Year 1777, Mr. William Hawes

Read by John Wilson – Assistant Secretary, Royal Humane Society


SIR, As assisting towards the establishment, and promoting the interests of the Humane Society, has been one of the greatest pleasures of my life, from a firm conviction of its extensive utility; so it is with the utmost satisfaction, that I am now able to communicate to you, the particulars of a case which has fallen under my own inspection, and in which I have been the happy instrument of rescuing a fellow-creature from the jaws of death.

On Sunday the 6th of this month, about four o’clock in the afternoon, one John Barton, of St. Clements Danes, in the Strand, fell from a barge into the Thames. W. Robinson, who was standing on another barge, at some little distance, heard the sound of something plunging into the water; and turning round he saw the body of a man rising up to the surface of the water. He made all possible haste to the spot, but there being no immediate communication, he was obliged to run a considerable way round, viz. up Essex-Street and down Milford Lane, and also over several barges, to come at the one from which the lad had fallen. He then searched for the body, with a boat-hook, and was so fortunate as to bring it up soon; and recollecting the person, he carried the body to his parents in Milford-Lane.

The patient appeared so totally void of life, that he was laid upon the bed without any attempts being made for his recovery. At length, one of his neighbours sent for me; I was fortunately at home, and went immediately with the messenger. I found the body excessively cold, totally insensible, nor could I, upon the strictest examination, perceive the least pulsation, or respiration, or any other vital motion. I ordered the wet clothes to be taken off, and the body to be wiped dry. I then applied frictions, and other methods of recovery recommended by our society. In about a quarter of an hour, having to appearance gained no ground, I made a very strong solution of the emetic tartar, and, with great difficulty, forced down a tea spoonful at a time; and to render it the more effective, I ordered the assistants to agitate the body considerably. In about five minutes after this, a great quantity of froth issued from the mouth and nostrils; and in a few minutes more, he vomited violently, groaned very much, and fell into strong convulsions. These went off gradually; the warmth of the body returned, so that the heart and arterial system once more began their vital functions. The vomiting I encouraged with draughts of warm water, which so far from debilitating, as has been supposed, they absolutely gave fresh vigour to the vital powers.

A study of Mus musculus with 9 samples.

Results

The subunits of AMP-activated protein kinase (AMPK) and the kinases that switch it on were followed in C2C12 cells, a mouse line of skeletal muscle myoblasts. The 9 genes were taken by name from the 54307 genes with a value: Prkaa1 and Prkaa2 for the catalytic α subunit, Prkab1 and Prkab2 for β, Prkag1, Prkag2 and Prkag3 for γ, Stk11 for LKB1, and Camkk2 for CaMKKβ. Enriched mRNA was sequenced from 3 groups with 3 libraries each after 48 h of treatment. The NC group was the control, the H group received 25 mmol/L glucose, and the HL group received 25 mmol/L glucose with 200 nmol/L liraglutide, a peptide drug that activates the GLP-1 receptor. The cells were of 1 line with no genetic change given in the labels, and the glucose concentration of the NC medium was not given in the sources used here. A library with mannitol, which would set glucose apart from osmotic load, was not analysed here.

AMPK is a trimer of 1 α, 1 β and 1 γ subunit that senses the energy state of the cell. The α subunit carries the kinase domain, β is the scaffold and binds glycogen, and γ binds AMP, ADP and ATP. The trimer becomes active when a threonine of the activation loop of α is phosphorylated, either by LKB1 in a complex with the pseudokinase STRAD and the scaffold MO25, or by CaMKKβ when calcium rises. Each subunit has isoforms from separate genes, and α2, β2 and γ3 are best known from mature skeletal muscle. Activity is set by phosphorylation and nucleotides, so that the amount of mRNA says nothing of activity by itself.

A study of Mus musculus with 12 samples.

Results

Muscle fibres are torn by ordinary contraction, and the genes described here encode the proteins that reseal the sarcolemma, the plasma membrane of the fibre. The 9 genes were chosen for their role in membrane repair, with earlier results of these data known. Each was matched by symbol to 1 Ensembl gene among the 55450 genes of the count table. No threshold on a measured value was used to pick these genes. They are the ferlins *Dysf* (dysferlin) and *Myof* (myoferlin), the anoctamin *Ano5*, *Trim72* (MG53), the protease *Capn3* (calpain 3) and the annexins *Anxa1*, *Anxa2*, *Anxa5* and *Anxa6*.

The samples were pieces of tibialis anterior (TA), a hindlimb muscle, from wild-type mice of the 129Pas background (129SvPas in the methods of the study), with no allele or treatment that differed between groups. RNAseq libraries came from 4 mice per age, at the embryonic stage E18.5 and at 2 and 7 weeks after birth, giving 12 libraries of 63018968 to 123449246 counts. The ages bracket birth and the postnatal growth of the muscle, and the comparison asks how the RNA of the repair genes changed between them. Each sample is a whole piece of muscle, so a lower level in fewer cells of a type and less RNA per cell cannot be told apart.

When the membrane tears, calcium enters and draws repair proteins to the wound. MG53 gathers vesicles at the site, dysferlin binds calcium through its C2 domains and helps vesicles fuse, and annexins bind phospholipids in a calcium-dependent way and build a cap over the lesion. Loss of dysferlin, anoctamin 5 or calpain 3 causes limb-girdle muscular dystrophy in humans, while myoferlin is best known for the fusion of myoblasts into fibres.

After frequent vomitings, he fell into profuse sweats, his pulse became more regular, and he breathed with greater ease. Some panada, with wine, was now administered; and I sent him also some strong cordial medicines, which were given him.

He slept tolerably well a great part of the night. The next day his pulse was very quick, and he complained of the head-ache. By the assistance of proper medicines, these febrile symptoms were easily restored; so that in a few days he was perfectly restored to health.

William Robinson, and the assistant parties, were satisfactorily rewarded by the Treasurer.